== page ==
Debate indiscipline, an inherent problem for Democrats

If there’s a common takeaway from the four debates of this presidential cycle, it’s the indiscipline of Barack Obama and Joe Biden. The problem manifested itself in different ways in different debates.

In the first debate, Obama apparently lacked the discipline to treat the event with the seriousness it required. He seemed comparatively unprepared, unwilling to treat Romney as a serious opponent until it was too late, and unable even to strike a serious pose for the camera.

Biden’s performance in the vice presidential debate became an instant legend in the annals of indiscipline. Clueless Joe could not refrain from smirking, from interrupting, or from gratuitous nastiness. He thereby cost himself a victory.

With his presidency on the line in the third debate, Obama managed to remain mostly under control. Yet the president couldn’t refrain from asking Candy Crowley to repeat her endorsement of his misleading claim that he called the Benghazi attack terrorism the day after it happened. Thus, we were treated to the spectacle of the President of the United States pleading with a television personality for additional intervention – a plea that resulted in Crowley retreating somewhat from her initial, supportive position.

And let’s not forget that the Democrats in the audience lacked the discipline to refrain from cheering like children when Crowley initially vouched for Obama.

Last night, with his presidency seeming to slip away, Obama was less disciplined than during the third debate. Like an arrogant athlete, he attempted at times to intimidate Romney with a glare. It didn’t work. He interrupted Romney several times. It didn’t work.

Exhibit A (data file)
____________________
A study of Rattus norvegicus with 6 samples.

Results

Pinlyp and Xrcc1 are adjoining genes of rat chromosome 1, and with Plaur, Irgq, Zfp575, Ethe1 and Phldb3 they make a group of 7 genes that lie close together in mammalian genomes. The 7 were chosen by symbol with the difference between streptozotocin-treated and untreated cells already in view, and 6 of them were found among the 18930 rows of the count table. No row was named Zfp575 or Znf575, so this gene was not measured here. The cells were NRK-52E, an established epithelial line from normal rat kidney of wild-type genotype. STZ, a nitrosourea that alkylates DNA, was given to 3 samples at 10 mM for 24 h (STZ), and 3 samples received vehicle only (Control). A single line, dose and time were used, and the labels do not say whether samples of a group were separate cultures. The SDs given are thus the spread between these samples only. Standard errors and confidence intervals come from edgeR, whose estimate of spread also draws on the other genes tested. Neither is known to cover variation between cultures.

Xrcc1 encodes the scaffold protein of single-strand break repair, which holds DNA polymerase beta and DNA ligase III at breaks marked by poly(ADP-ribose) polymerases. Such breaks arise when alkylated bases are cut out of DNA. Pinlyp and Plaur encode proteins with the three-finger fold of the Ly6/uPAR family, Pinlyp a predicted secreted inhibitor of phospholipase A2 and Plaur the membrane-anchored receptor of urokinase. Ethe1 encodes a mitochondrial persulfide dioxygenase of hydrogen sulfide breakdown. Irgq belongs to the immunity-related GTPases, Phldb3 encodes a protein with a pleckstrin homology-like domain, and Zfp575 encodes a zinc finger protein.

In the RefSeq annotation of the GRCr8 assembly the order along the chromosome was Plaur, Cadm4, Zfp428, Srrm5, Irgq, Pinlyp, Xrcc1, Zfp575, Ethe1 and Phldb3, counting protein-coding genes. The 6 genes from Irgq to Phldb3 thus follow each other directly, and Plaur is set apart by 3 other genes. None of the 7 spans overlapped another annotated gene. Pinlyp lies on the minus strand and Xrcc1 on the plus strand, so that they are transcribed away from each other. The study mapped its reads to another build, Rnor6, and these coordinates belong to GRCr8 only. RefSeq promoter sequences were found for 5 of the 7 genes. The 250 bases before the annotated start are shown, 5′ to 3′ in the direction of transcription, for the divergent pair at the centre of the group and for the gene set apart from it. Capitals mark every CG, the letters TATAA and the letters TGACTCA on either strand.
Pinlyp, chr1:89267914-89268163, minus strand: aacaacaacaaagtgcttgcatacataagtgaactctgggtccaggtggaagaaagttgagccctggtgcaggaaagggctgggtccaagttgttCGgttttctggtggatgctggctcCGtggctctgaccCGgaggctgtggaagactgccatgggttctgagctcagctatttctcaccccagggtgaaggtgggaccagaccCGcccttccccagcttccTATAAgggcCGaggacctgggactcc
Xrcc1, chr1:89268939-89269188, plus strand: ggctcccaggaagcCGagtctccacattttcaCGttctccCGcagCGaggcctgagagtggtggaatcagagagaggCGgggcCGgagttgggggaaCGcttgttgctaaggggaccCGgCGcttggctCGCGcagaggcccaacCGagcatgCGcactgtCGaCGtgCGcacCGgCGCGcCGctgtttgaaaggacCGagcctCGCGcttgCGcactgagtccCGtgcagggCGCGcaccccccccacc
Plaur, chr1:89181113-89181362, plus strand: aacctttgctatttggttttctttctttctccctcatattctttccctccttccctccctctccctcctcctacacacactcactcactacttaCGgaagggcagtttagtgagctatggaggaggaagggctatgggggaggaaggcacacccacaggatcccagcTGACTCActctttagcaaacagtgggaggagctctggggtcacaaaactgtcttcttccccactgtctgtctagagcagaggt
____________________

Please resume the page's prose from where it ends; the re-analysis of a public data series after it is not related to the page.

Moreover, Obama lacked the discipline to resist taking small, cheap, unpresidential shots at Romney. The worst of these was his wisecrack about the military not needing lots of ships, just as it doesn’t need many horses and bayonets. The opportunity to sound clever, and to talk down to Romney in such a snide way, struck Obama as too good to pass up.

Unfortunately for the president, Romney had already shown that the Navy wants more ships than Obama is providing. So Obama was really talking down to the Navy as much as to Romney.

With this one piece of indiscipline, Obama probably kissed Virginia’s electoral votes goodbye. But Virginia already seemed to be slipping away. More importantly, so is Obama’s image as a presidential figure.

Do the undisciplined performances of Obama and Biden point to larger reality? In other words, are Democrats inherently less disciplined in this sort of setting than Republicans?

So it seems, though certainly not invariably. Al Gore’s lack of discipline was the big story of the 2000 debates. But John Kerry was very much under control in 2004 and Obama was cool as could be four years later.

Republicans, meanwhile, seem not to have suffered from a serious emotional self-discipline problem since Bob Dole’s performance in the vice presidential debate all the way back in 1976. So, while Democrats running for high office aren’t always undisciplined, they seem to behave as such more often than Republicans do.

This shouldn’t be surprising. Much more than Republicans, Democrats as a class tend to believe their emotions carry poltical weight. Indeed, they believe that their empathy, compassion, or whatever constitute a big part of what differentiates them from conservative Republicans. Because they ascribe political importance to their feelings, it’s understandable that they are less able to keep their feelings in check under the pressure of a high stakes debate.